In Thailand, Garuda is a half-human bird-god. It's also a new monster movie made and set in Thailand.
A prehistoric cave is found during the excavations for an extension to the Bangkok subway. Three scientists and a special services army squad investigate and discover the remains of a petrified forest. They encounter a fierce and fast creature living down there. The rather cocky soldiers soon discover that guns and grenades won't protect them.
Always curious to see how other countries (besides Japan) portray their big monsters, and attracted by the beautifully rendered poster art, I took a plunge and got Garuda on DVD. I soon realised it was not quite a Godzilla, more like a Yonggary.
Yonggary (2000, U.S. title Reptilian), was a South Korean movie trying to piggyback on the success of the American 1998 Godzilla with its own CGI giant monster. Like Garuda it had a relatively high budget for its country, but tried to appeal to an international market. Both films therefore used leading actors who would appeal more to western audiences.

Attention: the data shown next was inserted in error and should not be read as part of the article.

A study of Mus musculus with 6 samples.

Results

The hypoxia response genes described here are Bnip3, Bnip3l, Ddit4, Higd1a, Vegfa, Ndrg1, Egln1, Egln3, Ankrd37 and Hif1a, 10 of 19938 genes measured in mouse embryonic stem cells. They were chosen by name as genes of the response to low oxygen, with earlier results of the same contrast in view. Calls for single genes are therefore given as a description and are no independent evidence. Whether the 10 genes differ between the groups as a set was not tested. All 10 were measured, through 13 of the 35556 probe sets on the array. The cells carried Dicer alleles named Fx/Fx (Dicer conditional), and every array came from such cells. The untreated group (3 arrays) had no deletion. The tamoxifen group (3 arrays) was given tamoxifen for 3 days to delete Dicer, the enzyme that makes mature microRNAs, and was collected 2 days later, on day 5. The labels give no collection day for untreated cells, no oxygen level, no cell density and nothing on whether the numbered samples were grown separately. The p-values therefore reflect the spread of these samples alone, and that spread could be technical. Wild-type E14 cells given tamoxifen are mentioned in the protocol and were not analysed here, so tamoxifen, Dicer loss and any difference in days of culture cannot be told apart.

This is partly the undoing of Garuda. Unfortunately, the weakest members of the cast appear to be the two leads, a goofy western-looking guy and a young Indian woman. The professor, the soldiers, even the comedy relief station master appear more professional. Considering that Asian movies are breaking through internationally, at the moment anyway, there's less risk in not having any westerners to identify with. To be fair, the leads are asked to do some pretty stupid scenes, like the one where the female scientist manages to stumble into the middle of a sea of trip-wires without setting any of them off.
The soldiers, who here specialise in 'killing gods,' are way too confident, and are portrayed as being ultra-cool, smoking like chimneys and wasting bullets like there's no tomorrow. One fancy fight routine is even enhanced with some belated slow-motion Matrix-style effects.